I looked back over my posts and realized I need to write an update. A lot has happened that didn't get written. Daniel had his MRI in January. It showed that the tumor is growing and changing shape. If you compare the January 2013 MRI with the June 2012 MRI you can't tell the difference but if you go back to the MRI taken right after Daniel's surgery and compare it to the January 2013 MRI there is definitely a change. I was pretty upset about that at first. I was hoping to go the MRIs once a year instead of every 6 months. Instead I get to anticipate MRIs getting closer together and more often. I've pretty much come to terms with it now. The only problem is I feel this looming weight that is going to be dropped on me sometime in the future. I am trying to ignore it as much as possible but it isn't completely possible.
We also get to go twice a year to a Texas Children's opthamologist. The tumor is a hair's breadth from his optic nerves, so we have to keep an eye on his vision. I am not really worried about it because the tumor has never grown that direction. It is just more doctors appointments. I hate doctor's appointments.
On to another subject...my friend Jana came up with a great lesson for autistic people. One of the deficits people with autism have is the ability to see things from another persons point of view. They cannot get outside themselves and understand other people's feelings or that other people experience things differently. So what Jana did was make labels, one with John's name, and one with Joseph Smith's name, any other person's name would work like mom or dad. Then she asked John what his "work" is. He has been wanting to make a lemonade stand, so they drew one with John working at it. They put that picture under John's name. Then she took out a picture of Joseph Smith farming and put it under Joseph Smith's name. The she switched the pictures. She said at first John freaked out, yelling and climbing under the table because he wanted to do the lemonade stand and not be a farmer. She explained that being able to pretend to switch points of view with someone else is something people without autism do all the time. So John gave it a try and they had a little fun pretending to farm. The next week she did the same thing and John got right into it and enjoyed it. One of the things I've noticed about John and Daniel and that Jana has mentioned about other children with autism that she has worked with is that it takes time for autistic children to process what is being taught. It might take a day or a week or sometime longer. Sometimes it has to be retaught several times and allow time in between for the ideas or actions to ferment. With John it usually takes about a day but sometimes a week. So the week between lessons allowed John to think about what they did. I do not know if this is conscious or unconscious. I thought taking the pictures and switching them was a great way to teach John how to put himself in another persons shoes.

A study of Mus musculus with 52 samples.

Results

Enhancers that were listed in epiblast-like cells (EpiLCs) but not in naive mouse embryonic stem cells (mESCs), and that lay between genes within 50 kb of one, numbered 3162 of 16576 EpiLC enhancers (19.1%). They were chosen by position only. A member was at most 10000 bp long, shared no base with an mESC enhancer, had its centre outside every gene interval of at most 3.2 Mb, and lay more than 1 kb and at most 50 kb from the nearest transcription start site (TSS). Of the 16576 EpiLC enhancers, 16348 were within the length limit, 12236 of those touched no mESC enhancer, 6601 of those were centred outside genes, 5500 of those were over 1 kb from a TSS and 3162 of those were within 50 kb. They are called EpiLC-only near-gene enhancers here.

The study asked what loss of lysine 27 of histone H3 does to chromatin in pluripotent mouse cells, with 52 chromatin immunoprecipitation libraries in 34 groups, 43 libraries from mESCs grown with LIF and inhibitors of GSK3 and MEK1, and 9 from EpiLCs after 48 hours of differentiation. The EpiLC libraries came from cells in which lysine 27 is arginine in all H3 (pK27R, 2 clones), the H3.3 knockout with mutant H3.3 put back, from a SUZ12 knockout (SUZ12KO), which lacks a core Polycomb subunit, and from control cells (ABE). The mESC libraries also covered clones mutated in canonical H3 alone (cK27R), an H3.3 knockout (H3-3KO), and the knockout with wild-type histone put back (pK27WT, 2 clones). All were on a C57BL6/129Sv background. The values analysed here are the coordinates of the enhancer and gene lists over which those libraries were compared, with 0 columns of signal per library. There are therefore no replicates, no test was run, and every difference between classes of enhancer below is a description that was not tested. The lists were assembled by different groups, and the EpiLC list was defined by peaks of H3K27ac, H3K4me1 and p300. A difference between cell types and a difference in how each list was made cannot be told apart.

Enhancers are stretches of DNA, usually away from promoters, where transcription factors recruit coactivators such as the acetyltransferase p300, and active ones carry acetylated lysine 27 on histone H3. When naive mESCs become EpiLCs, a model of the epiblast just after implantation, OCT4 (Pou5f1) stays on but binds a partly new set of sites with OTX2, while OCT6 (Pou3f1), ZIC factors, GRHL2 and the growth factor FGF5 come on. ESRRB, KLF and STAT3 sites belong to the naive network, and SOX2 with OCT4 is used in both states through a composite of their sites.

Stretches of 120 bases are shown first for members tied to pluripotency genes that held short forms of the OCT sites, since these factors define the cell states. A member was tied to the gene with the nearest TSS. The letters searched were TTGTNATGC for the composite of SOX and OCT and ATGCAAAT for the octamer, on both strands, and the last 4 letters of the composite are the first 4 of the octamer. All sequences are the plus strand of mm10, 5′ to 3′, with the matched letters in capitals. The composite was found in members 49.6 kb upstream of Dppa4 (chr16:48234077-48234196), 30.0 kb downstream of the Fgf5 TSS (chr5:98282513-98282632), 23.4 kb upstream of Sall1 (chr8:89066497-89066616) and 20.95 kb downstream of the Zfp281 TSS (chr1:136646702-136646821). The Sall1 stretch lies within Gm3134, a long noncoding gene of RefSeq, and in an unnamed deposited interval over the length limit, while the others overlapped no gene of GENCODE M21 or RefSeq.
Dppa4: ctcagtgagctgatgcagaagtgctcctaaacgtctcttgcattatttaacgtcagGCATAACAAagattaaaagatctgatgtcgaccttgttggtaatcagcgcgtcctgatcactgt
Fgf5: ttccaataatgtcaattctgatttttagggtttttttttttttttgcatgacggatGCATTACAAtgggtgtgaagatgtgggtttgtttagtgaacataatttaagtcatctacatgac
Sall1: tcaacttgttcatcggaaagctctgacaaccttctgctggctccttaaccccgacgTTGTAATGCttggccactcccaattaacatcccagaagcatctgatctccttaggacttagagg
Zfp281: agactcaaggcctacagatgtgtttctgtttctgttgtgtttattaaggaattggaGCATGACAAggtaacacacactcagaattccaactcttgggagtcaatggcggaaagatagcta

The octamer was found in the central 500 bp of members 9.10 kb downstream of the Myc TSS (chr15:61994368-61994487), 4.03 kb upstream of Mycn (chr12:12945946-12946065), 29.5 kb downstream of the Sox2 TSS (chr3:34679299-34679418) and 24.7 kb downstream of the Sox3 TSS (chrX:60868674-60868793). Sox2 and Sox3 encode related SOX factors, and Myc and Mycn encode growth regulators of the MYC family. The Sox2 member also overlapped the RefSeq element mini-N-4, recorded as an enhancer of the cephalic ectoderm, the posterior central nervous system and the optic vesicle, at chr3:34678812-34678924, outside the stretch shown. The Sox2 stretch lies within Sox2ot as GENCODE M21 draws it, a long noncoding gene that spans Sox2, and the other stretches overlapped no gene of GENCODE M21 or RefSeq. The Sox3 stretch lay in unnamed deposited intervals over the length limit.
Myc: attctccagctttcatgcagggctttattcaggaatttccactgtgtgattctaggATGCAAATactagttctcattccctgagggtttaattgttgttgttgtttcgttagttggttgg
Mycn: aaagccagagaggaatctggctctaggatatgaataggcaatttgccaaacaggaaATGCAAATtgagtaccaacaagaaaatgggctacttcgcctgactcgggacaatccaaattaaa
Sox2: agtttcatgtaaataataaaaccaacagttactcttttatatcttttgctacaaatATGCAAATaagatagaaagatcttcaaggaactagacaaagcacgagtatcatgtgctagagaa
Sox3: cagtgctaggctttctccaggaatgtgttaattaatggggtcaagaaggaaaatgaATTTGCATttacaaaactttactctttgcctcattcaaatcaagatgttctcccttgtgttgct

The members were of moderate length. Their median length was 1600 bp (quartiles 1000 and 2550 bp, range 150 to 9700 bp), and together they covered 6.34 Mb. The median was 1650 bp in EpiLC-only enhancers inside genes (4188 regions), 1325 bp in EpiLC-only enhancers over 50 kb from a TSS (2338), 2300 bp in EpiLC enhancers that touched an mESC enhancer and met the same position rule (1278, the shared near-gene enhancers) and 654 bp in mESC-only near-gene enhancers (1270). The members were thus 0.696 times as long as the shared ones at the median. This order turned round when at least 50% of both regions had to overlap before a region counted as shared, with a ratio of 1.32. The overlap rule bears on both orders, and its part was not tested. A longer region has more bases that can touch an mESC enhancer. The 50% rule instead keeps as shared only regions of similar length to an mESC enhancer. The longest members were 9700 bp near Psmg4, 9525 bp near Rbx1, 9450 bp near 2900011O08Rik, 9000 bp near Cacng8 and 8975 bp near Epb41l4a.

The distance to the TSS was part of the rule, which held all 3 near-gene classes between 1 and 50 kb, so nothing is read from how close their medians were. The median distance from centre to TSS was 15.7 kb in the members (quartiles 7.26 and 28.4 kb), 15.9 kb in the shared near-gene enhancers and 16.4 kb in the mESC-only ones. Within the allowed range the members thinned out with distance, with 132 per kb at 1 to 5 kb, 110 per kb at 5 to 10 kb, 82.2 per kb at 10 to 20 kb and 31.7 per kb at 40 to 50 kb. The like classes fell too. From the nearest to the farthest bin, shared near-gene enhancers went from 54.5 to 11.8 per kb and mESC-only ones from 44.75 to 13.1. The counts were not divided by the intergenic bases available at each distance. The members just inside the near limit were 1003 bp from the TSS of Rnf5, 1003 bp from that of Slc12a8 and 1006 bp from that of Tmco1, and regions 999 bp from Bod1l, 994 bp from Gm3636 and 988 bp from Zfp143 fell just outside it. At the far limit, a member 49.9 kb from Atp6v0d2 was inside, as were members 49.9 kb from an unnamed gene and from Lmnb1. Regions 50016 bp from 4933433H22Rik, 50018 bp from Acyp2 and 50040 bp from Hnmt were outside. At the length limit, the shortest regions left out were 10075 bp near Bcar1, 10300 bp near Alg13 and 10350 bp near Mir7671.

Funny Daniel Story-
During STAAR testing, parents were asked to send lunches to school. The school would provide sack lunches if the parents didn't send a lunch. I have no idea why the kids couldn't go to the cafeteria, but whatever. After school, Daniel came running off the bus yelling "MILK!" I started laughing. Normally when I make his lunch, I put water in an opaque bottle. This time, I put milk in it. I keep giggling every time I think of Daniel taking a sip from his water bottle and getting milk. In order for him to remember until he got home it must of made quite an impression.
Speaking (or is it writing) of STAAR testing...Daniel passed though about half of it was modified. He got a 2 out of 10 on writing. The statement on that was "extremely limited". Duh.
John on the other hand, didn't pass in science and math. Funny thing is he did in language. John is really good at math and science so I have no idea why he didn't pass. He took the test again at the end of the school year. I haven't got the results of that. I asked what would happen if he didn't pass that one. They said he would have to go to summer school, which he is already doing the extended year program for autism so it doesn't change anything for us. If he doesn't pass after summer school we get to have another ARD and decide what to do with him. At least no child left behind has now taken into account that not all children are capable of not being left behind and allowed the ARD team or IEP team in other places decide what to do with the child. We really don't want 18 year old in preschool just because they are disabled and can't learn more than a 2 year old can.